Neoconservative elder statesman Michael Novak has weighed in on Pope Francis’ Evangelii Gaudium. In his opinion the letter is actually about Argentinean economics, not, God forbid, the global capitalist system:
In my visits to Argentina, I observed a far sharper divide between the upper middle class and the poor than any I had experienced in America. In Argentina I saw very few paths by which the poor could rise out of poverty. In the U.S., many of those who are now rich or middle class had come to America (or their parents had) dirt poor, many of us not speaking English, with minimal schooling, and with mainly menial skills. But before us lay many paths upward…
Virtually all my acquaint-tances while I was growing up had experienced early poverty. Our grandfathers were garment workers, steelworkers, store clerks, gardeners, handymen, blue-collar workers of all sorts, without social insurance, Medicaid, food stamps, housing allowances, or the like. But they labored and somehow were able to send their children to colleges and universities. Now their children are doctors, lawyers, professors, editors, and owners of small businesses all over the country.
First, of course, if the Pope had wanted to address a letter to Argentinean Catholics, he would have done so. The letter is addressed to the universal Church, and it is clear in that context that when Francis says that “the socio-economic system is unjust at its root” it is the global capitalist system that he has in mind, not the Argentinean one.
And of course Mr. Novak speaks of the upward path for poor immigrants in America, of grandfathers who were blue collar workers and steelworkers who, like my father and grandfather, poor northern Michigan farmers who moved to Flint to work in the auto factories, rose through hard work to become prosperous. What he does not acknowledge is that the prosperity that they found was not some beneficent gift of Capital, but was wrested from the capitalists by organized labor, by men and women who suffered for justice, who sometimes gave their lives in the struggle.
He does not mention labor unions at all.
Nor does he mention that the world where poor unskilled workers could make a decent living wage, enough to send their children to college, is no more. That world has been destroyed, and a brave new one, of low wage, dispirited workers, strung out on painkillers, has replaced it.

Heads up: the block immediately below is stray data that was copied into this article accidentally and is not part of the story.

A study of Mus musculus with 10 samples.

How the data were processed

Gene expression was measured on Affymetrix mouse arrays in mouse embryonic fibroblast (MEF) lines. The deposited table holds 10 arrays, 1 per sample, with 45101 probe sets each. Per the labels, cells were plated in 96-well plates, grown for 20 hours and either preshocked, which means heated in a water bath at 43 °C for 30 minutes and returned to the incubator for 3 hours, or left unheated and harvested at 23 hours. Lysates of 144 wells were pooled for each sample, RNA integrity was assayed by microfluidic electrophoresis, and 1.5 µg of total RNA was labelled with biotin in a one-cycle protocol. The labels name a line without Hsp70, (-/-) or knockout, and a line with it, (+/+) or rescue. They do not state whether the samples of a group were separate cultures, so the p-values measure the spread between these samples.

Mr Novak is eighty years old now. He is a millionaire and for many years lived in Chevy Chase, Maryland, one of the richest cities in the US. He now resides in the affluent Catholic enclave of Ave Maria, Florida. I am sure the view is lovely from where he lives, and I am sure that in his old age he feels free to wax nostalgic about the way his Slovak immigrant family made good in the New World.
But maybe he should return for a visit to Johnstown, Pennsylvania, his home town.
Johnstown, in its prime, had 70,000 people and the steel mills ran 24 hours a day. They are mostly gone now, and the population has dwindled to around 20,000. I have not been there for three decades or so, but imagine it is like the steel towns I am familiar with, Youngstown and Steubenville and Cleveland. The grandsons of the steel mill workers of Johnstown are no doubt flipping burgers or washing cars, if they are employed at all.
Worlds have been destroyed, lives have been wasted and ruined, hearts worn raw.
Go home, Mr. Novak, walk the streets of your town. Look into the eyes of the people you see.
Go home and see what this unjust system has wrought.
From Daniel Nichols’ blog, Caelum et Terra
Houston Catholic Worker, Vol. XXXV, No. 1, January-February 2014.